Major Storm Expected To Impact Thanksgiving Travel


Colonel Rick Fuentes

STATE – The NJ Office of Emergency Management (NJOEM) is monitoring a coastal storm expected to impact New Jersey starting this afternoon, bringing with it heavy rain, high winds and small stream and minor coastal flooding. There may be winter precipitation in the northern areas of the state, due to below-normal temperatures. The event coincides with the start of key travel times around the Thanksgiving holiday.

“We have experienced a long period of below-normal rainfall; however, we face changing conditions,” said Colonel Rick Fuentes, State Police Superintendent and Director of the NJ Office of Emergency Management. “We are closely monitoring the situation with our partners from the National Weather Service and the County Offices of Emergency Management. Be especially careful if you are traveling. We remind drivers not to drive through ponded or standing water. As little as six inches of water can cause drivers to lose control of the car or cause stalling.”

The following is a list of general preparedness tips for motorists during adverse weather conditions:

  • Before you go: Drivers should inform someone that they are taking a trip, where they are going, the routes that will be traveled, and when they are expected to return. Upon reaching their destination, drivers should call to report arrival. If traveling a long distance, please remember to fill up on fuel prior to making your trip. While traveling, stop frequently to refill the fuel tank. The breaks will help drivers stay alert.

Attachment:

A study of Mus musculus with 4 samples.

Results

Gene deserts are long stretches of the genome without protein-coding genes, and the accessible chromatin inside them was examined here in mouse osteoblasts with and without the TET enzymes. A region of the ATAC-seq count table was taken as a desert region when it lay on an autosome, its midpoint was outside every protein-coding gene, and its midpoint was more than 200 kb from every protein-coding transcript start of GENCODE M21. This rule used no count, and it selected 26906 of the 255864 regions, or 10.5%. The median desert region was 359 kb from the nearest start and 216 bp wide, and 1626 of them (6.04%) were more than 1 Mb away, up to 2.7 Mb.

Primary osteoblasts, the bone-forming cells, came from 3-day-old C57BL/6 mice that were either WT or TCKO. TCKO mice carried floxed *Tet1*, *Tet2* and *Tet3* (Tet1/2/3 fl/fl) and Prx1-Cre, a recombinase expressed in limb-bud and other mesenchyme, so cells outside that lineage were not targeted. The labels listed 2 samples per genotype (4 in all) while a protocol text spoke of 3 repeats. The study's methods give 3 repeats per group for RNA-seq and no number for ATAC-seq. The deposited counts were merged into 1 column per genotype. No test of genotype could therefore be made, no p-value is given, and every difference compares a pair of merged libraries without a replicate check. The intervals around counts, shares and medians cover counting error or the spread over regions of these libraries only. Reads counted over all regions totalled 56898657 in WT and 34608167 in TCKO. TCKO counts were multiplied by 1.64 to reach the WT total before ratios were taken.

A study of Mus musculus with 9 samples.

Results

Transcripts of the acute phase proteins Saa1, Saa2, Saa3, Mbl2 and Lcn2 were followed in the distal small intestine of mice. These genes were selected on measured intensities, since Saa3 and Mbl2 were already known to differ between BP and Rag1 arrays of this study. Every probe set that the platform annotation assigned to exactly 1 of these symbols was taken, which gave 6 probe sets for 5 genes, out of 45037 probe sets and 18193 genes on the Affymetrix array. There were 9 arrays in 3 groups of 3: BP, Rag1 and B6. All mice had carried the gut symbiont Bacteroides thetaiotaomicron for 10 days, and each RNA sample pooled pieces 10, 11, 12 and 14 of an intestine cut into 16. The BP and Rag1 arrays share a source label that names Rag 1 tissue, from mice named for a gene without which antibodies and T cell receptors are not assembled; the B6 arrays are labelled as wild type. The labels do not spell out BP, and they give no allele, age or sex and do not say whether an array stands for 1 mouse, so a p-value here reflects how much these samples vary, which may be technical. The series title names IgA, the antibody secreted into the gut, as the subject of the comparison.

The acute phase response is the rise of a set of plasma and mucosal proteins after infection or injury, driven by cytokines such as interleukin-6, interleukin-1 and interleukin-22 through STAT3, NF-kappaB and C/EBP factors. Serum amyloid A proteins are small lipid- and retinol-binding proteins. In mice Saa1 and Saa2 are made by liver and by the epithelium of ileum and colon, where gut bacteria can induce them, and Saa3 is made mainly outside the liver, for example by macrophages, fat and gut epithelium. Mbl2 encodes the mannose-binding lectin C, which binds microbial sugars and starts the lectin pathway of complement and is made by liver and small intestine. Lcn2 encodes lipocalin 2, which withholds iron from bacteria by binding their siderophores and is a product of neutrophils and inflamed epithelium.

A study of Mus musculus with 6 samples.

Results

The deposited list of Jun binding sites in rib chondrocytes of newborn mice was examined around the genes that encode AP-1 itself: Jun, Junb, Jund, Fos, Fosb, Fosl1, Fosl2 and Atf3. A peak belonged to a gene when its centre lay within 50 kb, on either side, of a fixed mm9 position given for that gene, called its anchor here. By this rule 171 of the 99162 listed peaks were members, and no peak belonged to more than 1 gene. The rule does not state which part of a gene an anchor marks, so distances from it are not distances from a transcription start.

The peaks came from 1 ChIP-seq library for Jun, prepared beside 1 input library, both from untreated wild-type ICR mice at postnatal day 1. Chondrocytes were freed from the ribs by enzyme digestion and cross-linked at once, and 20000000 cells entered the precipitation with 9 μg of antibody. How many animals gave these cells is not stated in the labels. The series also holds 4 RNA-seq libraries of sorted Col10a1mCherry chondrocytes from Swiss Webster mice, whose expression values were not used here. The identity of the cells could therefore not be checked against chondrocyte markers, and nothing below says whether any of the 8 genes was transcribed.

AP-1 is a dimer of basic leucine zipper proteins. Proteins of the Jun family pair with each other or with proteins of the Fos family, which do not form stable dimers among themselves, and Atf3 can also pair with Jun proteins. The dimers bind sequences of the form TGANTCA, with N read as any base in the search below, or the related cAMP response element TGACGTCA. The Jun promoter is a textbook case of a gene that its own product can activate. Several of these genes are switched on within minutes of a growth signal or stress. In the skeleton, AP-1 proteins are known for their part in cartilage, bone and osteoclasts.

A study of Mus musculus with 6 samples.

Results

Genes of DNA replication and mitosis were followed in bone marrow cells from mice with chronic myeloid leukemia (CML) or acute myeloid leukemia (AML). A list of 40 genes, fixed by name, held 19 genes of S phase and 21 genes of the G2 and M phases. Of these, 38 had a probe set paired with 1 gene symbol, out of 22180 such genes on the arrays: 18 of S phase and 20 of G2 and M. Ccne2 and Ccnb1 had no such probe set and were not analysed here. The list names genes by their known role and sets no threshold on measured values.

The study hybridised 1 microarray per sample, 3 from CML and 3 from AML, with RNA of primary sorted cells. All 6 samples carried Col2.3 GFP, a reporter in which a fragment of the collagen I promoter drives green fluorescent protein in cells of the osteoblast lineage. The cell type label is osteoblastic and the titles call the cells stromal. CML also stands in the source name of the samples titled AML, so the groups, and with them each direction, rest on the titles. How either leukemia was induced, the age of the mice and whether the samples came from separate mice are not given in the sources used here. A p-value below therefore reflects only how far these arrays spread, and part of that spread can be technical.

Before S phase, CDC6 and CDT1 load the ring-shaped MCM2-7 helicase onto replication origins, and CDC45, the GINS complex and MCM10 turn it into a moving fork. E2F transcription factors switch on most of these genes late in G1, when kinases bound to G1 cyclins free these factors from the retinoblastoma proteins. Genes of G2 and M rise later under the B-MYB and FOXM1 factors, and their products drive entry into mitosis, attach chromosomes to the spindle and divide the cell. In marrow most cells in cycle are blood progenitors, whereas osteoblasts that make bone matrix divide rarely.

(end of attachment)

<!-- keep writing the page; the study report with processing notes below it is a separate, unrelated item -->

• On the road: Follow the rules of the road and adhere to the following guidelines:
    • Always buckle your seat belt.
    • Brake properly to avoid skidding. If driving on snow or ice, start slowly and brake gently. Begin braking early when approaching an intersection.
    • If the vehicle starts to slide, ease off the gas pedal or brakes. Steer into the direction of the skid until regaining traction, and then straighten the vehicle. For vehicles with antilock brakes, apply steady pressure.
    • In rain, fog, snow or sleet, stay within the limits of your vision. If it is too difficult to see, pull off the road and stop.
    • Drive slowly and increase following distance. Vehicle speed should adjust for conditions and match the flow of traffic.
    • Watch for slick spots. Be physically and mentally prepared to react.
    • Do not attempt to drive through a flooded road. The depth of water is not always obvious. The road bed may be washed out under the water, and you could be stranded or trapped.
    • Do not drive around a barricade. Barricades are there for your protection. Turn around and go the other way.
    • Do not try to take short cuts. They may be blocked. Stick to designated evacuation routes.
    • Be especially cautious driving at night when it is harder to recognize flood dangers.